A protester from the St. Paul’s Occupy camp in the UK has accused a member of the Anonymous hacker collective of raping her on two occasions in the camp.
45 year old Malcolm Blackman, described as a member of Anonymous UK and a strong character within the camp, is currently facing trial for the allegations, made by an unnamed South London woman.
From behind a screen to protect her identity, the woman recounted the first of two alleged incidents for a jury.
She told the jury that when they were kissing in her tent on January 14 last year, Blackman suddenly slipped ties over her wrists and pushed her to the floor.
A week later, she said she woke up inside her tent to find him “forcing himself on her.”
When pressed by the defense attorney, the woman described her fears about coming forward.
“I was scared of how he would react if I told anyone,” she said.
“I had seen him get angry with other people in the camp, and I thought if I started talking about it he wouldn’t agree.”
Gordon Ross, for Blackman, questioned why the woman had not asked him to leave her tent and suggested that the incident had never happened.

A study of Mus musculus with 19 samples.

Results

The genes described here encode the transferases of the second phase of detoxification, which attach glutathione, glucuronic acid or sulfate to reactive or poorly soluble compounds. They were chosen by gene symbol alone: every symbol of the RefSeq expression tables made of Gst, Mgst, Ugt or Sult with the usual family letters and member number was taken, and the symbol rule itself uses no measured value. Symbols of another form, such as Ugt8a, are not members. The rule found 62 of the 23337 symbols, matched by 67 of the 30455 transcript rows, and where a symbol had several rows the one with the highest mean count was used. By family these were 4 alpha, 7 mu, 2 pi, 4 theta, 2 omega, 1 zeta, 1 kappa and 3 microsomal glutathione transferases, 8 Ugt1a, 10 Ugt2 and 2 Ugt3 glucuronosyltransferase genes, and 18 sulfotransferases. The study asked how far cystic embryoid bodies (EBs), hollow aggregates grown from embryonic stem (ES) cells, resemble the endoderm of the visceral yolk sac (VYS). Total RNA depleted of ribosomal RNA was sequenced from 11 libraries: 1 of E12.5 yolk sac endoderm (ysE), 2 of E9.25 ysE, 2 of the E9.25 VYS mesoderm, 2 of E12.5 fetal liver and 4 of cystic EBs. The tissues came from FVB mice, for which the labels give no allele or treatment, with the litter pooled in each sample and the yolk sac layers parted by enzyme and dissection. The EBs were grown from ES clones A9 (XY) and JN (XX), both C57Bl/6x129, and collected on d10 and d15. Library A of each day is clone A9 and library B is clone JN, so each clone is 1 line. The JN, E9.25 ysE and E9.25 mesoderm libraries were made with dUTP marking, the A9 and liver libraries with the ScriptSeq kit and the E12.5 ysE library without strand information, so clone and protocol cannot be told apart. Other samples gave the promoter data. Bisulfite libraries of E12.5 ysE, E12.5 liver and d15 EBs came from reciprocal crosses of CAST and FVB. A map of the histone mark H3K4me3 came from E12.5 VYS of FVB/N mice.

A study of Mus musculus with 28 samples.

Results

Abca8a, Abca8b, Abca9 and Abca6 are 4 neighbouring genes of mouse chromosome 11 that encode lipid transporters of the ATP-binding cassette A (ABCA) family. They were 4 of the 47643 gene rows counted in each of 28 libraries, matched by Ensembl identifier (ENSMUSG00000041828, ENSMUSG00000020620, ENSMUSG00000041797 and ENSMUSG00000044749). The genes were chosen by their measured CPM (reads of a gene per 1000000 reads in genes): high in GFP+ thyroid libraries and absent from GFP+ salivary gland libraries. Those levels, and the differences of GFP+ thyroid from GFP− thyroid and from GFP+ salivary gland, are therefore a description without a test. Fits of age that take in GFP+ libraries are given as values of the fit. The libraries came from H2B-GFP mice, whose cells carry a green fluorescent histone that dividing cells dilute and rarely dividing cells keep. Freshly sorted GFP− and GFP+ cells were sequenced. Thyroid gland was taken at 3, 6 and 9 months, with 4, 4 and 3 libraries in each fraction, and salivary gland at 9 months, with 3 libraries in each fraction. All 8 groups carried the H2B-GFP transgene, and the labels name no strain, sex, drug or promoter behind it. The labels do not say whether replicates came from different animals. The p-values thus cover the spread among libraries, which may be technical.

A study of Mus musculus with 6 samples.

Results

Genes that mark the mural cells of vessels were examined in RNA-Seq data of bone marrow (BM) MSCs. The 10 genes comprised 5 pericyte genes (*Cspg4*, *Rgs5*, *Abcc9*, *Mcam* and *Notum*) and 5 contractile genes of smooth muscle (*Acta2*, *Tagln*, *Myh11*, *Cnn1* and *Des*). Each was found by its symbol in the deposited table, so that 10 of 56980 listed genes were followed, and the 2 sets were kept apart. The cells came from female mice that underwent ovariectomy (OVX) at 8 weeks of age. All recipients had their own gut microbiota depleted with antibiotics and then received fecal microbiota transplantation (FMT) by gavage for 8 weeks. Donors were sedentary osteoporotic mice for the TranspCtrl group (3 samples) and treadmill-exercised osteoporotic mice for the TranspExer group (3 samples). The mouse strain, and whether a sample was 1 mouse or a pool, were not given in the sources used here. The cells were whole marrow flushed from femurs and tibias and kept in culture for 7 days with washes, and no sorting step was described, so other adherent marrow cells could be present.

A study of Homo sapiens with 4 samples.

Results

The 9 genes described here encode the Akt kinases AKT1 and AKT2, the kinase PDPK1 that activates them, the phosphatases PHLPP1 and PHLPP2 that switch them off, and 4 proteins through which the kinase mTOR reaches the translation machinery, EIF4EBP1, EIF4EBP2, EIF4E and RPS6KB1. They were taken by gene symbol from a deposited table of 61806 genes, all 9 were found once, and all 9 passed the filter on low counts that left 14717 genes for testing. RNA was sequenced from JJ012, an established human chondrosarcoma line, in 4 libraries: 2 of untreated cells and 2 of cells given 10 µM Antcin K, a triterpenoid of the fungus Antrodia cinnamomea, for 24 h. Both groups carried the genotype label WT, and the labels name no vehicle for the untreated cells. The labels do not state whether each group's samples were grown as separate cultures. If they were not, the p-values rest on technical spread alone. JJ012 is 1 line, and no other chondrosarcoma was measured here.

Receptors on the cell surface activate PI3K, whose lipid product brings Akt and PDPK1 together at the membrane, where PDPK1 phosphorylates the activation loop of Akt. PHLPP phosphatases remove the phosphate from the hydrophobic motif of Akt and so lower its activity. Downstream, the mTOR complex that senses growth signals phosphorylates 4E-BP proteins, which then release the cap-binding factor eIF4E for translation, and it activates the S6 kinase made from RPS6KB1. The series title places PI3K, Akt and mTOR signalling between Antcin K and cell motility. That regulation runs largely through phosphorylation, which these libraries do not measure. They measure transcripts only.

But she sobbed as she told the jury he was a “very strong character” and that she was “scared of upsetting the general togetherness of the camp.”
She added: “I didn’t know what to do or who to talk to. I didn’t know if it was just me being naive and not being experienced in relationships.”
At the height of the Occupy movement, allegations of sexual assaults became an issue for Occupy, as members within the movement began to come forward with complaints about women’s safety in the camps and how such allegations were handled within the movement. Many camps encouraged working through such issues within the camp, rather than going directly to police. Some protesters even notified certain media outlets like Current TV, but rather than report the incidents, such outlets tried to “debunk” them. There are numerous reports at Breitbart News about the accounts of sexual assaults at Occupy camps and challenges in how the movement responded to them.
That said, the testimony of the victim in this case, and her fear in reporting the incidents, certainly seems feasible in the context of the movement’s environment at the time.
However, I’m hesitant to make any definitive judgments until we’ve heard Blackman’s side of the story. If he’s found guilty, this would certainly be an ironic turn of events, given Anonymous’ self-proclaimed role as supporters of rape victims.
(To be fair, Anonymous is a leaderless movement and one person’s alleged actions do not necessarily reflect that of the whole. Of course, that’s the problem with leaderless movements – at some point, public opinion associates everything with the whole, regardless. Ask the Tea Party about that.)